U.S. Army Medical Center of Excellence recognizes its centennial

By Tish Williamson, director of communications U.S. Army Medical Center of Excellence

The U.S. Army Medical Center of Excellence, or MEDCoE, trains the world’s premier military medical force: Army Medicine. There are many important dates in the school’s history, but May 15, 1920, is acknowledged as the date the Army formally approved the establishment of the Medical Field Service School at Carlisle Barracks, Pennsylvania, where MEDCoE traces its origins.

From the start, what is now known as Army Medicine has been a vital aspect of the Army’s success – America’s oldest fighting force established by the First Continental Congress on June 14, 1775.

In 1893, the Army Medical School was established to provide medical professionals post-graduate education in bacteriology, radiology, and preventive medicine. The Medical Field Service School was established to further train these professionals in the skills they would need to be effective medical leaders in the field. This more formalized field training came at a time when Army Medicine was evaluating lessons learned from World War I and the influenza pandemic of 1918.

Lewis Barger, the MEDCoE Historian said the field school was established when the entire Army was re-evaluating its approach to training, education, and the professionalization of all of the Army's branches.

“Army Medicine was unique,” Barger explained. “It continued to operate the Army Medical School, providing post-graduate training in military and preventive medicine, while it was opening the medical field service school, illustrating the dual requirements for the medical officer to be skilled both as a physician and as a leader.”

The Surgeon General of the Army at the time, Maj. Gen. Merritte Ireland, made a formal request to the Department of the Army to establish the field school. His request was officially approved by the Department of the Army on May 15, 1920. On June 30, 1920, the Bureau of the Interior turned Carlisle Barracks over to the War Department. On Sept. 1, 1920, cadre began to arrive, students arrived May 1921 and the school’s first formal course started June 1, 1921.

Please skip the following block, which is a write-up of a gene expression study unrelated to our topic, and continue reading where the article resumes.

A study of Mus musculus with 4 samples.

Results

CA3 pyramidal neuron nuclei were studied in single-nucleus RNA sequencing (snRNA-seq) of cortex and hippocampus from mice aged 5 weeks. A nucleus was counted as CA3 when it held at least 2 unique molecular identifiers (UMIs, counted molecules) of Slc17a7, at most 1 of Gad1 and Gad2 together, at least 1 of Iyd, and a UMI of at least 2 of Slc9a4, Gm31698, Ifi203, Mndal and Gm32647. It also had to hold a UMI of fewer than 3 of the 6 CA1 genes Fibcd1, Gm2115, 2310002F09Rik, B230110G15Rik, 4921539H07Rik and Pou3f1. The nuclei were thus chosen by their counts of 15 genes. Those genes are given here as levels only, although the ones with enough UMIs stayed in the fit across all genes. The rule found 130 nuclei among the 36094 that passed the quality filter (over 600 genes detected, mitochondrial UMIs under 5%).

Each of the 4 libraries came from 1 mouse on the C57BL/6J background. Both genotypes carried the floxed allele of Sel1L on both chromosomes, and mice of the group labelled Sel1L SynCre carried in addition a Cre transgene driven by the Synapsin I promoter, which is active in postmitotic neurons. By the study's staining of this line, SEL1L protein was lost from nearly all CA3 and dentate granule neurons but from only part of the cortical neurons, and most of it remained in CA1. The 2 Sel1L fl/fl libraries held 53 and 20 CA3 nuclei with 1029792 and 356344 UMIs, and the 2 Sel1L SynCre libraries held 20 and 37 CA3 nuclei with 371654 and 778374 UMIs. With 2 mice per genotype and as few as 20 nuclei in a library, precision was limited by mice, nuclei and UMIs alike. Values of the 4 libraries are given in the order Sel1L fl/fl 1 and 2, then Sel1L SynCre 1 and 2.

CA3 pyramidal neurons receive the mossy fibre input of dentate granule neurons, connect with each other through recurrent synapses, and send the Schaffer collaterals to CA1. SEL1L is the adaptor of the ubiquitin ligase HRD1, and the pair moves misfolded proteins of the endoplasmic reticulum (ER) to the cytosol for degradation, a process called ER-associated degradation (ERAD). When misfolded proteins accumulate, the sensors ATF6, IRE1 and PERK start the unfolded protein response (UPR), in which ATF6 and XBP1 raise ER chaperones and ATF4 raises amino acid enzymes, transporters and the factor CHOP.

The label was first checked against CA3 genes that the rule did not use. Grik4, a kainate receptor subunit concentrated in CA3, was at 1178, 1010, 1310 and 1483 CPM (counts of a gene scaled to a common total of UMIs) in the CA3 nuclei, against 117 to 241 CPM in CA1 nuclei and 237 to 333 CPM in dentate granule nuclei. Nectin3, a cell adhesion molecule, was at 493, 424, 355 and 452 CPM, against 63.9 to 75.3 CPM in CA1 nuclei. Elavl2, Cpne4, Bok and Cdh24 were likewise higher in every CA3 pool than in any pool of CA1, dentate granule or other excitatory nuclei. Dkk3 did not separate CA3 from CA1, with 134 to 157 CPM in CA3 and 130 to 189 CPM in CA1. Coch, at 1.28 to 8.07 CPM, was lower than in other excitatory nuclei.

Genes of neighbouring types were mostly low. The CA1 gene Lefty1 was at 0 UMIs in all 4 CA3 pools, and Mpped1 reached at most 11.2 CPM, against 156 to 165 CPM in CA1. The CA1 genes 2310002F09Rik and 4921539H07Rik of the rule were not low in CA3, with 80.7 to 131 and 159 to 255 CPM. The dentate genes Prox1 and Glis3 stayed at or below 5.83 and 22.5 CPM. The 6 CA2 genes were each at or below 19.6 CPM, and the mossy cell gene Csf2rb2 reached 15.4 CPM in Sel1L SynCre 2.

The location at Carlisle Barracks, which had housed General Hospital No. 31 until it closed in October 1920, allowed for training in various environments and served as a testing area for interwar field units.

From its beginning, the school worked to enhance the readiness of the medical force by training personnel to preserve the health of the Army in the field and in garrison. Their motto became: “To Conserve Fighting Strength.” This foundation continues in Texas as the school was moved to Fort Sam Houston in 1946.

“In the 100 years since its inception, the MEDCoE has established itself as the Army’s center of gravity for medical education and training, medical capability development and medical doctrine development and integration,” said Maj. Gen. Dennis LeMaster, MEDCoE commander.

For the last few years, MEDCoE had the monumental task of transforming the way Army Medicine trains in accordance with the Army’s modernization strategy. That mission continues while navigating the challenges associated with a global pandemic.

“Through several wars, times of National crisis and world-wide humanitarian efforts, our mission of training the world’s premier military medical force remains unchanged,” said MEDCoE Command Sgt. Maj. Clark Charpentier.

Visit for future MEDCoE 2020 events.